Transforaminal lumbar steroid injections risks

If you’ve struggled with back pain for any length of time, you may be wondering if spine surgery is your only treatment option. Sometimes, surgery is the only treatment. However, there’s good news. The vast majority of back problems can be remedied with non-surgical treatments—often referred to as non-surgical or conservative therapies.
Computer-assisted image guidance allows surgeons to view the operative site in far finer clarity than traditional visualization techniques. Aging, improper body mechanics, trauma and structural abnormalities can injure your spine, leading to back pain and other symptoms such as leg pain and/or numbness or even leg weakness. Chronic back pain is a condition that generally requires a team of health professionals to diagnose and treat. Before resigning yourself to surgery, consider getting opinions from several spine specialists. This investment of time and information-gathering will help you make an informed treatment decision that will best support your lifestyle and desired level of physical activity.

With a transforaminal epidural steroid injection (ESI), often referred to as a 'nerve block', the needle is placed alongside the nerve as it exits the spine, and medication is placed into the 'nerve sleeve'. The medication then travels up the sleeve and into the epidural space from the side. This allows for a more concentrated delivery of steroid into one affected area (usually one segment and one side). Transforaminal ESIs can also be modified slightly to allow for more specific coverage of a single nerve and can provide diagnostic benefit, in addition to improved pain and function.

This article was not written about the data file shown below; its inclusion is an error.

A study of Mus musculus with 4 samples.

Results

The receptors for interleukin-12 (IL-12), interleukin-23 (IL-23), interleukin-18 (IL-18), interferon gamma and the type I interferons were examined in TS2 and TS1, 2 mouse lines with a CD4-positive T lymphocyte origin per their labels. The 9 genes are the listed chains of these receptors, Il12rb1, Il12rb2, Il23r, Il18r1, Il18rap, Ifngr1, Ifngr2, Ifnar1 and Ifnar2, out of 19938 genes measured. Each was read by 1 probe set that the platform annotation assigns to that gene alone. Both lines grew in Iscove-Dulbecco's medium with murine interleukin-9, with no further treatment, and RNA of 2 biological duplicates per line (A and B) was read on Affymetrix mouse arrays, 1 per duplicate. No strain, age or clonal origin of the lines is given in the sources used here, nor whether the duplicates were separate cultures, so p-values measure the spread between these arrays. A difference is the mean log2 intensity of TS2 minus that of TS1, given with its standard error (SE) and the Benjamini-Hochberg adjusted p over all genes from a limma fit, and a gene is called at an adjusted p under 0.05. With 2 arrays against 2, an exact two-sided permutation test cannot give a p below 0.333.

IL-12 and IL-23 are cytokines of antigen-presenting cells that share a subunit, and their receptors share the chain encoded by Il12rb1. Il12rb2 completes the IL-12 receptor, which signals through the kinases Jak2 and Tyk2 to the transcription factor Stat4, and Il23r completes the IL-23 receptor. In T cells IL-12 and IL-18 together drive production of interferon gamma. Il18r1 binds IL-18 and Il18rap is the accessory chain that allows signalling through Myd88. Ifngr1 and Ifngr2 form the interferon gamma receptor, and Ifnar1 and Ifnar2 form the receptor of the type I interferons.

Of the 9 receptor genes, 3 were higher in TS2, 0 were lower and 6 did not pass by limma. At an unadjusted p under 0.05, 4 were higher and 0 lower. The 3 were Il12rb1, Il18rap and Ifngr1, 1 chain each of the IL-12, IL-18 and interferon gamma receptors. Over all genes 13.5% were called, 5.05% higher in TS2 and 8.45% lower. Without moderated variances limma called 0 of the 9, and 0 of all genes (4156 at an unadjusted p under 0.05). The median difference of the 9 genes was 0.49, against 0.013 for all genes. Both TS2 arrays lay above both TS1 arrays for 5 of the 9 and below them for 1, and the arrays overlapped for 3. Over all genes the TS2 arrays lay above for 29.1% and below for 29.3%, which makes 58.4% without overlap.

What are the risks and side effects?
Generally speaking, transforaminal injections are is safe. However, with any procedure there are risks, side effects and possibility of complications. The most common side effect is pain from the actual injection once the local anesthetic wears off and this pain is temporary. The other uncommon risk involve spinal puncture with headaches, infection, bleeding inside the epidural space, nerve damage and worsening of symptoms. Other uncommon risks are related to the side effects of the long acting steroid such as weight gain, increase in blood sugar in diabetics, water retention and suppression of body's own natural production of steroids.

The needle is smaller in size than that used during a conventional epidural approach. The procedure is performed with the patient lying on their belly using fluoroscopic (real-time x-ray) guidance, which helps to prevent damage to the nerve root. A radiopaque dye is injected to enhance the fluoroscopic images and to confirm that the needle is properly placed (See Figure 2). This technique allows the glucocorticoid medicine to be placed closer to the irritated nerve root than using conventional interlaminar epidural approach. The exposure to radiation is minimal.

Transforaminal lumbar steroid injections risks

transforaminal lumbar steroid injections risks

The needle is smaller in size than that used during a conventional epidural approach. The procedure is performed with the patient lying on their belly using fluoroscopic (real-time x-ray) guidance, which helps to prevent damage to the nerve root. A radiopaque dye is injected to enhance the fluoroscopic images and to confirm that the needle is properly placed (See Figure 2). This technique allows the glucocorticoid medicine to be placed closer to the irritated nerve root than using conventional interlaminar epidural approach. The exposure to radiation is minimal.